I remember being a small child, waiting impatiently for my dad to arrive home with the local newspaper Wieczór Wybrzeża. I wished to see the very bottom of the back page, where a section was devoted to Christa’s cartoons.
Now I’m 9, and finally big enough to buy the paper myself. I walk around the corner, from our apartment, to the nearby newspaper Kiosk. I’m proud of my “important job”. Mom and Dad are fully aware of my passion for the Kajtek and Koko strips, so they patiently wait to read the paper after me.
I am walking home, while reading strip (#76) from Christa’s “W kosmosie”. The pictures are only visible under the street lights, so my progress toward home is slow. Thank goodness there are several lamps along the way. I stop under every one to savour the story and the art. Once home, I announce to my parents that I have found my calling in life, which is to collect every Kajtki that ever was. It is Thursday, 25th of July, 1968.
Days change into weeks, then months into years, and my passion becomes an obsession. It’s no longer enough for me to cut out cartoon strips from the paper, I am now diligently searching for old strips, from the time before I was born.
By now I’ve gotten creative at finding collectors of Christa’s work. Often they are big kids, who are willing to trade their collections for something that I might have to offer.
My dad had started me collecting rare coins, and I have an impressive cache. One of my earliest trading successes came when bartering a few coins for a stack of ancient Kajtek and Koko strips. Some of my coins are precious, dating back to the 16th century. I even have a few Polish silver coins (that will come in handy), when I need to make a serious trade. Whatever a deal consists of, I always come away feeling successful! Over time, my coin collection disappears to nothing, but I hold a wrinkly mountain of “solid gold” newspapers!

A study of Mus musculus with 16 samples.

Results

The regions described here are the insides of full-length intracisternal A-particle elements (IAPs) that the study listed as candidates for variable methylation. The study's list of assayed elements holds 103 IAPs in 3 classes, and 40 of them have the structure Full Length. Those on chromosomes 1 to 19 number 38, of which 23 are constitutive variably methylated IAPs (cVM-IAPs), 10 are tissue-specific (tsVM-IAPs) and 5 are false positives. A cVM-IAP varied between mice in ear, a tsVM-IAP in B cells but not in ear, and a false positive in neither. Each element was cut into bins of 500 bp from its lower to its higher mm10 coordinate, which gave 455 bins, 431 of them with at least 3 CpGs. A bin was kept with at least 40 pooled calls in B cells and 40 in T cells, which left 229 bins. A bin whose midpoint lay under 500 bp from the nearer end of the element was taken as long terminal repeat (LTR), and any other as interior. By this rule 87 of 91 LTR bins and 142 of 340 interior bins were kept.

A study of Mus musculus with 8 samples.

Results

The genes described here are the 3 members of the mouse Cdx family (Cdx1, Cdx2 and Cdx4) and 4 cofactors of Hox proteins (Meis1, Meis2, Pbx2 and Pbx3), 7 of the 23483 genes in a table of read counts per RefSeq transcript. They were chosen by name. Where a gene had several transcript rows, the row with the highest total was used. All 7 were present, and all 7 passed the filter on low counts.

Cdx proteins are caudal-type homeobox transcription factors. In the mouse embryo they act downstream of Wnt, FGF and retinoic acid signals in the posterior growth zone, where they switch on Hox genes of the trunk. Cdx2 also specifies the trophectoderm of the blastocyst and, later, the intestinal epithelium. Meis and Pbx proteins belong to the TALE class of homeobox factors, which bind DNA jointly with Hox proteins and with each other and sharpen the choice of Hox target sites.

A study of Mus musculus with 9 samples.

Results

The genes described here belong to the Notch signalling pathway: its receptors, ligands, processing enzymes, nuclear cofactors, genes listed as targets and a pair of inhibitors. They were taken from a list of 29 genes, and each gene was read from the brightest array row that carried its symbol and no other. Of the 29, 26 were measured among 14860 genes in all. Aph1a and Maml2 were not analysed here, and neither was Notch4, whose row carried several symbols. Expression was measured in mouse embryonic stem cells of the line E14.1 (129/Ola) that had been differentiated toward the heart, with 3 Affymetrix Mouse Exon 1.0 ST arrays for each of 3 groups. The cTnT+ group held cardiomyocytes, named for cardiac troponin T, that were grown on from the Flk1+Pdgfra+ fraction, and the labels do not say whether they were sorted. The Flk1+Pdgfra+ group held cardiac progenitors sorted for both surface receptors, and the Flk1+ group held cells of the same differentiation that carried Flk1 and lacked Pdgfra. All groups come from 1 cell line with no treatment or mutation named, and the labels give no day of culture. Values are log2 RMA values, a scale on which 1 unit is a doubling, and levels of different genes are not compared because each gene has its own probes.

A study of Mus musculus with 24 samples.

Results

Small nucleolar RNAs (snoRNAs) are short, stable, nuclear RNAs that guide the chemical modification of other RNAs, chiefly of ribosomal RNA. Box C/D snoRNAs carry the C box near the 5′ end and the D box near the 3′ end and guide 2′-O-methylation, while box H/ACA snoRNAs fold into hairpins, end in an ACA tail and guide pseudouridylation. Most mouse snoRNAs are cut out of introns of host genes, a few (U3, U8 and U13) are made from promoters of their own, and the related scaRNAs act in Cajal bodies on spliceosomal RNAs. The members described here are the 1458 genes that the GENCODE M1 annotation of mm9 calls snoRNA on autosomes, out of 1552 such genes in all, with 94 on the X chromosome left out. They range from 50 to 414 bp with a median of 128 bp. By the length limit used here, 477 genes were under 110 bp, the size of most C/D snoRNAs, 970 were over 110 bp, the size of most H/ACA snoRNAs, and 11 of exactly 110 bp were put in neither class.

As I get older my treasure trove grows along with me. Thanks to my grandma in Vancouver, I possess stacks of Western comics, that the kids in my neighbourhood can’t wait to get their hands on. Those starry eyed boys, are desperate for the likes of Superman and Wonder Woman, and are willing to make fast deals with me, in exchange for anything by Christa.
I remember swapping Superman for an original Kajtek Majtek (Zyg-Zak) story from 1961 in which Christa’s pencil sketches are visible beneath his ink overdrawing. To this day, those illustrations are some of my most treasured possessions, mainly because, hidden at the back of the strips are Christa’s original sketches that have never seen the light of day. One of them is of a curvaceous nude woman. For years I searched for her in every Kajtek and Koko comic. Alas, she never showed up in any of them.
“Excerpt from my journal, 1968 Sopot, Poland.
But today, I am happy to inform you that its a new day, and that the “curvaceous woman” will soon appear in the pages of The Spirit Journey!